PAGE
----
Euro gained Tuesday while the U.S. dollar remained low
Euro zone bond yields skyrocketed on Tuesday, with two-year German borrowing costs jumping over two-week highs. According to a new report, the European Central Bank plans to discuss whether to hike rates by 25 or 50 basis points on Thursday. The central bank has flagged that it would increase rates by 25 bps at its July policy meeting to contain record-high inflation. Thus, the news that it could consider a bigger move came as somewhat of a surprise to Forex markets.
Investors now price in roughly a 60% chance of a 50-bps rate increase this week, up from around 35% on Monday. Arne Petimezas, the senior analyst at AFS Group, noted that they have no clue now what the ECB will do on Thursday.
Meanwhile, Russian gas flows via the Nord Stream 1 pipeline seem to restart on time on Thursday. The company completed its scheduled maintenance, and this news also pushed yields higher. Analysts worried that a shortage of gas supplies from Russia could potentially push some euro area economies into recession.
Germany’s two-year bond yield is sensitive to near-term rate expectations. It soared by around 12 bps to its highest level over two weeks at around 0.66%. Moreover, benchmark 10-year bond yields hit around 10 bps higher across the eurozone on the day.
How is the EuroEuro faring now?
Last week, the EuroEuro plunged below parity against the U.S. dollar for the first time in two decades. However, it exchanged hands 1% higher at $1.0256 on Tuesday. A rate hike from the ECB this week would be it’s first since 2011. The bank follows aggressive moves by other major central banks, all of them aiming to get on top of red-hot inflation.
However, Nordea chief analyst Jan von Gerich stated that it would be surprising if they go for a 50 bps increase because the signaling from the majority of policymakers has been for a 25 bps move. Considering how far the ECB has gone to hold onto its forward guidance, it would be difficult to break from that for now.
Besides, policymakers are also working on a deal to provide help for indebted countries such as Italy on bond markets if they stick to European Commission rules on budget discipline and reforms. That news may have helped support Italy’s 10-year bond yield. The latter dropped back after initially surging on the ECB report. It traded at 3.42% at last, just a bit higher on the day.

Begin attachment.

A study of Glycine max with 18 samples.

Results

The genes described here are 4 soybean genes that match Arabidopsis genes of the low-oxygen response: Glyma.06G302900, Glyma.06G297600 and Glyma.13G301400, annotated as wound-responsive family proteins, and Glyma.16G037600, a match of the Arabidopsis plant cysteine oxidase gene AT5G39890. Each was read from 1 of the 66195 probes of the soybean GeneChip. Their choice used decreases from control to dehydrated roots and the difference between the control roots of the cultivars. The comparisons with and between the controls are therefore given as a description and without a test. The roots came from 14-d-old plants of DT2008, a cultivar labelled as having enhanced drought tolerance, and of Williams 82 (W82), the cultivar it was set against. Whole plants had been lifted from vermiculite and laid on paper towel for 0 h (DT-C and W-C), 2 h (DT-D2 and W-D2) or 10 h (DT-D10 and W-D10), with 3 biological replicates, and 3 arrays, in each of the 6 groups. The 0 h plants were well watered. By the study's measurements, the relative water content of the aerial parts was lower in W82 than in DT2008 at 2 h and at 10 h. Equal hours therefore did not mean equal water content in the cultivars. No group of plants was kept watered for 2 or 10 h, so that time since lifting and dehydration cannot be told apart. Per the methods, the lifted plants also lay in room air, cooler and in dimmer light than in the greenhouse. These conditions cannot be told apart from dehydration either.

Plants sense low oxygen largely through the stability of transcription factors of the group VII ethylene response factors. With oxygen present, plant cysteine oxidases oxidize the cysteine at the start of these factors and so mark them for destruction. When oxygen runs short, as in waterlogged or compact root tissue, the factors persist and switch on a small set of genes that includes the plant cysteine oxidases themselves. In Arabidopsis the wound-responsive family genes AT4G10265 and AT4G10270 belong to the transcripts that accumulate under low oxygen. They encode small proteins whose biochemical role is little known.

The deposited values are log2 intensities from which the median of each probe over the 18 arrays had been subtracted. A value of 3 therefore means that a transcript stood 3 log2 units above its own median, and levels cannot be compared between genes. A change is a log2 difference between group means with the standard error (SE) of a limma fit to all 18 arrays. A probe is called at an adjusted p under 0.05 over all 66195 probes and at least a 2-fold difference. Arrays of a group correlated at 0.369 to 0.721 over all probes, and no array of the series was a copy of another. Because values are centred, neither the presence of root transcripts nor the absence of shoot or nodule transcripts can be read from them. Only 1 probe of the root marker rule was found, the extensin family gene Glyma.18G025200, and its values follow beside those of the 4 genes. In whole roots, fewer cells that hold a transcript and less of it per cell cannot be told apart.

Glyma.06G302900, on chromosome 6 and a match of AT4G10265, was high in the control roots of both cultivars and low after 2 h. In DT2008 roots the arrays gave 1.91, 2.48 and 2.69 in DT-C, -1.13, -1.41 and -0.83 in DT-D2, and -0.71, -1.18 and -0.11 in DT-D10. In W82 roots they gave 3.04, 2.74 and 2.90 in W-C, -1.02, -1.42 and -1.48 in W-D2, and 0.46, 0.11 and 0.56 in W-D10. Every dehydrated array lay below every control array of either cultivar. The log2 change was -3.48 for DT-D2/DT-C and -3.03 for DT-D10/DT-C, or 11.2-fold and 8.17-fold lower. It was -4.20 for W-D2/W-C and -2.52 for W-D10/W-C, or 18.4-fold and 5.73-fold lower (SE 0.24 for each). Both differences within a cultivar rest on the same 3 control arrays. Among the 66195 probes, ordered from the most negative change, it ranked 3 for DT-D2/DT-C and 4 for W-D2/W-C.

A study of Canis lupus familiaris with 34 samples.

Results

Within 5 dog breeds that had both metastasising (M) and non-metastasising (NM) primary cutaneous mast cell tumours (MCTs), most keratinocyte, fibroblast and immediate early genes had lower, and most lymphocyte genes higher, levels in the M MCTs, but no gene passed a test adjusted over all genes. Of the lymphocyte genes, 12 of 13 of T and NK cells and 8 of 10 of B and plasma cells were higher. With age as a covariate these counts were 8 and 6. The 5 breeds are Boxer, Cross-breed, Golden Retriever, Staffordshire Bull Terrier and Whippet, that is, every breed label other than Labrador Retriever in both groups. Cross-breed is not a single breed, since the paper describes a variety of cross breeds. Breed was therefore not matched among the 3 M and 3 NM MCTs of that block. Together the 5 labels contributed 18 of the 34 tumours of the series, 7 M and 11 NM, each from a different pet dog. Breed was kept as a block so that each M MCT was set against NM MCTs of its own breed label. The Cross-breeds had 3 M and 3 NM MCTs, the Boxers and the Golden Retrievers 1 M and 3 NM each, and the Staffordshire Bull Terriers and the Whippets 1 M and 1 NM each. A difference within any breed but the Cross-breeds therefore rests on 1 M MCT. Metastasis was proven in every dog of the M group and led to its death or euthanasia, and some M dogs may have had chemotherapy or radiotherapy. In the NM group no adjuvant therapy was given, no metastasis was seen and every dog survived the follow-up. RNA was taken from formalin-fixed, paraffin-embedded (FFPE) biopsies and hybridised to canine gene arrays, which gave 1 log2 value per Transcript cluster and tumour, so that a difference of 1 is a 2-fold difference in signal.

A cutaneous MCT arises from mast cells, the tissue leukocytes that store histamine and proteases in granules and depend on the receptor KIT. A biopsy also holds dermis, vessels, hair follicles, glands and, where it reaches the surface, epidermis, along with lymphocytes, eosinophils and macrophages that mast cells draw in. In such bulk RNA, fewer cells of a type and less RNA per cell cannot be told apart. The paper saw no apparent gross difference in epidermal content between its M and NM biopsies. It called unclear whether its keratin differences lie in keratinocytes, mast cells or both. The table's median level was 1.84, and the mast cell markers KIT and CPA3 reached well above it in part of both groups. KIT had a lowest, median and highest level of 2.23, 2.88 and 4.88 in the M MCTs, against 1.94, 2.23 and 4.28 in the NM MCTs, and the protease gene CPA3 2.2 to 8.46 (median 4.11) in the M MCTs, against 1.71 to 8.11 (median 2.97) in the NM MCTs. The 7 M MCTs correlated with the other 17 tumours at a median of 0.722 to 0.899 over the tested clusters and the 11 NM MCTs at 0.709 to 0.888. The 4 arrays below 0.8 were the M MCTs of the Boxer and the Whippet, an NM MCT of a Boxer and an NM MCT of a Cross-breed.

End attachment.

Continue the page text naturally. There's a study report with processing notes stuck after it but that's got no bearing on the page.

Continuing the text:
Economists think that deploying a new tool has been complicated by a political crisis in Italy. They expect Prime Minister Mario Draghi to address parliament on Wednesday. He tried to resign last week after the populist 5-Star Movement refused to back the government in a confidence vote at the Senate. However, President Sergio Mattarella rejected that resignation, and it is still unclear whether Draghi will change his mind. Von Gerich added that there needs to be more carnage in Italian bonds before the European Central bank takes action.
What about the EM currencies?
Currencies in Latin America rallied against a retreating dollar on Tuesday. Mexico’s peso jumped after new inflation estimates fueled bets that the central bank will increase interest rates again at its upcoming meeting.
Analysts expect the report to show that in the first half of July, inflation in Latam’s second-largest economy remained at levels not seen since January 2001. Such forecasts raised bets that the Bank of Mexico would increase its key rate once again at its August meeting following a record 75 basis point rise in June.
William Jackson, the chief emerging markets economist at Capital Economics, stated that a recovery in currencies comes on the back of very large drops last week. However, it’s going to be a challenging environment over the rest of the year if the U.S. Federal Reserve continues tightening aggressively.
The greenback eased from two-decade highs as FX markets pared bets of a 100-basis point increase by the Fed next week. At the same time, Brazil’s real added 0.9%.
On Tuesday, Chile’s peso also surged forward by 2%, leading regional gains for a third consecutive day. An intervention last week by the central bank supported the struggling currency. Colombia’s peso climbed up by 0.3%, as well.
Meanwhile, the Russian rouble surged past 55 against the U.S. dollar to a more than two-week high. This week, its central bank will likely trim the key rate by 50 basis points to 9%.